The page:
Museums

Liberty, fraternity, Fossil Free: activists protest oil giant Total’s sponsorship at Louvre

In the first climate change performance inside the Paris museum, protesters shed black clothes to create a mock oil spill

by Victoria Stapley-Brown  |  7 March 2017
Liberty, fraternity, Fossil Free: activists protest oil giant Total’s sponsorship at Louvre
Around 40 activists, clad all in black, removed their jackets, shirts and scarves, draping them down the middle of the Louvre's staircase so that they resembled an oil spill (Photo: Denis Meyer)
Visitors to the Louvre Museum in Paris on Sunday, 5 March may have spotted a performance piece of sorts—by anti-oil activists, not artists—on the staircase leading to the Winged Victory of Samothrace, one of the museum’s most famous pieces and a favourite gathering spot in the Louvre. Around 40 activists, clad all in black, gathered on the steps and removed their jackets, shirts and scarves in a three-minute choreographed gesture, draping them down the middle of the staircase so that they resembled an oil spill.  

This was the first public action inside of the museum by the Libérons le Louvre (Liberate the Louvre) campaign, launched in January to demand an end to two decades of sponsorship of the museum by the French multinational energy giant Total. It was organised by the climate change grassroots group 350.org as part of the international initiative Fossil Free (in France, “Zéro Fossile”).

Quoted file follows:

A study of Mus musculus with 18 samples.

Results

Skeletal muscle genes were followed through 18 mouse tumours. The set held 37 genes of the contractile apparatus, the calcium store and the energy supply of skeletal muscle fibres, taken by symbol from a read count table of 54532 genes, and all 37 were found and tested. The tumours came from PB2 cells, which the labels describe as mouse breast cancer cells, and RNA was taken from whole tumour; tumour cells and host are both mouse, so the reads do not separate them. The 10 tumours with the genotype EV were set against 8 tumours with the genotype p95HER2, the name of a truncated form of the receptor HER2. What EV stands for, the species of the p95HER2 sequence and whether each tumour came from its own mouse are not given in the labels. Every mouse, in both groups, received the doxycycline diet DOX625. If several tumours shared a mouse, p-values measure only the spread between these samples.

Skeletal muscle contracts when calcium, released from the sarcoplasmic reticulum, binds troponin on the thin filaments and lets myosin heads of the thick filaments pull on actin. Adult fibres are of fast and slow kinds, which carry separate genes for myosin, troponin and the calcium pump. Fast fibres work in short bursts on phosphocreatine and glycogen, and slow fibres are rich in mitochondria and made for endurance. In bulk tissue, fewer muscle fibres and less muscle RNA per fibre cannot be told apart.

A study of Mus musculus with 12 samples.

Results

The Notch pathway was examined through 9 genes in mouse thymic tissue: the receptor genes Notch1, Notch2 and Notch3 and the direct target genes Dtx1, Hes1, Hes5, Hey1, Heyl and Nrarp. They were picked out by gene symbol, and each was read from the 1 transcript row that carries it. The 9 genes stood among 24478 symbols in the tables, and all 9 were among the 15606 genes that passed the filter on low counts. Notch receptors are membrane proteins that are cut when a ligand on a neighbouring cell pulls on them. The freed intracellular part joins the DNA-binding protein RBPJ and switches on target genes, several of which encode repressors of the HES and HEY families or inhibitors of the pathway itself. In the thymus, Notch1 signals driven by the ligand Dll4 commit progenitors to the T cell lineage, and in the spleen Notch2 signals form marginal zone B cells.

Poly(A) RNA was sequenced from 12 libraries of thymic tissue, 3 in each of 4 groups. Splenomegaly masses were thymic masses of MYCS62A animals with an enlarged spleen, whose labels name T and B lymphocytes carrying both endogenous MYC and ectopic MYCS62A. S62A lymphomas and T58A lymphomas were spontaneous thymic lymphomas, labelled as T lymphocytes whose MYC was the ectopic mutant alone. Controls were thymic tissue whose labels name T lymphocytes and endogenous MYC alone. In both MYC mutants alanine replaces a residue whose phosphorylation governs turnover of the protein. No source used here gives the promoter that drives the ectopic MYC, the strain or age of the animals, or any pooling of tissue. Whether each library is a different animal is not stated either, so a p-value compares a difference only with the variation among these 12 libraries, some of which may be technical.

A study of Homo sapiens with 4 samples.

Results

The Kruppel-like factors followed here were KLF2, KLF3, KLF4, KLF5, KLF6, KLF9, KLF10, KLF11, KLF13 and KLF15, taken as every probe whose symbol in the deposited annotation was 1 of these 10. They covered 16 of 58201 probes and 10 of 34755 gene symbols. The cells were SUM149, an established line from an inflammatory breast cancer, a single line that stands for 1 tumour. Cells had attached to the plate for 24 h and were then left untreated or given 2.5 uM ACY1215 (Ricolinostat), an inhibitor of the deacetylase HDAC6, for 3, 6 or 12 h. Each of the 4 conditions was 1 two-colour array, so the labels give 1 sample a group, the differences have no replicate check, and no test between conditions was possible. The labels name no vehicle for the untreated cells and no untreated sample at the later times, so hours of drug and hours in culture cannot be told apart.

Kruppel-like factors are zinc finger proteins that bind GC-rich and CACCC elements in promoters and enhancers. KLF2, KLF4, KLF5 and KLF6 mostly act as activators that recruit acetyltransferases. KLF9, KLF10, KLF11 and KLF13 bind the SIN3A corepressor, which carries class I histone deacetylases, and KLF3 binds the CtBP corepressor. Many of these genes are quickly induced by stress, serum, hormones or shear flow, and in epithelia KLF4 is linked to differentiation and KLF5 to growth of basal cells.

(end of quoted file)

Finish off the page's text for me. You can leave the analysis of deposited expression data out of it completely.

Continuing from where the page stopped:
“By accepting corporate donations from fossil fuel companies like Total, the Louvre Museum not only damages its own reputation, but it helps foster the idea that we can continue to use fossil fuels without harm,” reads Fossil Free’s online petition, which has garnered around 10,000 signatures since January.

The Louvre’s director Jean-Luc Martinez defended Total’s sponsorship of the museum in a letter in January, discussing its support of initiatives. These include annual celebrations for International Women’s Day that help bring underserved visitors to the museum, and the renovation of displays for the Islamic Arts collection.

The galleries housing ancient Islamic objects, coincidentally, are among the areas of the museum that had to be evacuated last June due to flooding. “There’s a bitter irony that the fossil fuel companies driving drastic changes to our climate,” the Fossil Free Louvre campaign homepage notes, “are the ones profiting from the veneer of respectability that their Louvre partnership gives them.”